In my twenty years in ministry, I have seen people fail in three areas because of impatience and shortcuts:
1. Relationships. Loneliness can mess with your mind. I understand it’s tough to see all your friends getting married while you are still single. But rushing into a relationship can be devastating. If you feel lonely, get a dog. Don’t rush into love.
2. Finances. There is no such thing as a get-rich-quick strategy. In fact, a study of lottery winners demonstrated that many were left without a penny only a short time after winning millions. Trying to invest in pyramid schemes, or lacking research before beginning a financial venture, can leave you penniless and distraught.
3. Moving. Later on I’ll go into more detail about the desire that some have to leave a situation every time things get a little rough. For now, let me just say that the temptation to flee is a real one, especially when things aren’t going so great. Be careful that you are not running from what seems like an external situation, when in fact the problem might be internal. No matter where you run, an internal problem will follow you there.
Only God’s power can sustain you for the long haul, so be patient.
Underneath impatience lies a desire for control. The reason we take shortcuts and end up failing is that we think we know best. The truth is, we don’t. Relinquish everything to God.
In your life there are things that
· you will never change—leave those alone.
· will change slowly—have patience.
· need changing now—have courage.
The key is to have the divine gift of discernment, to know which is which.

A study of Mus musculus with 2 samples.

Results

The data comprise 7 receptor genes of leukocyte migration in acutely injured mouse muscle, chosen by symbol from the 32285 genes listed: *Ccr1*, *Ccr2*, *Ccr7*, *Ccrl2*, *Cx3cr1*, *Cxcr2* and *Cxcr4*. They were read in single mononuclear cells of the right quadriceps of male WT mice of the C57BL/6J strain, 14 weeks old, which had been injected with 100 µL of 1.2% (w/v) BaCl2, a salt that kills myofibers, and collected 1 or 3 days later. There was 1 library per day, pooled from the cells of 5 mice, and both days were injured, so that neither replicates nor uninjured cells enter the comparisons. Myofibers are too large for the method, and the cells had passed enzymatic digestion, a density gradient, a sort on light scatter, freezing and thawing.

I like to work around the house. I like to repair, rebuild, restore, demolish, rearrange—you know, your weekend-warrior type of remodeling. There’s only one problem. I’m not good at it. If I had to earn a living as a handyman, I would die of hunger. That’s the reason I invite my brother-in-law to come work with me in my “projects.” After all, I introduced him to his wife, so he owes me. He is really good at remodeling. You could say he was born with a hammer in his hand and probably remodeled his own crib. He is very detail oriented (I’m not), likes to take his time (I don’t), and doesn’t take shortcuts (I do). One of my favorite expressions I say to try and get him to work faster is “You can’t see that detail from a helicopter.” He just ignores me and continues to work. When it’s all done and I look at the finished product, I’m glad we took our time. A couple of times, however, we’ve done it my way, and some sections of my house are a constant reminder of the fallacy of shortcuts. In life, as in construction, it’s better to measure twice and cut once.Stay patient. Give up control. Move at the speed God tells you to.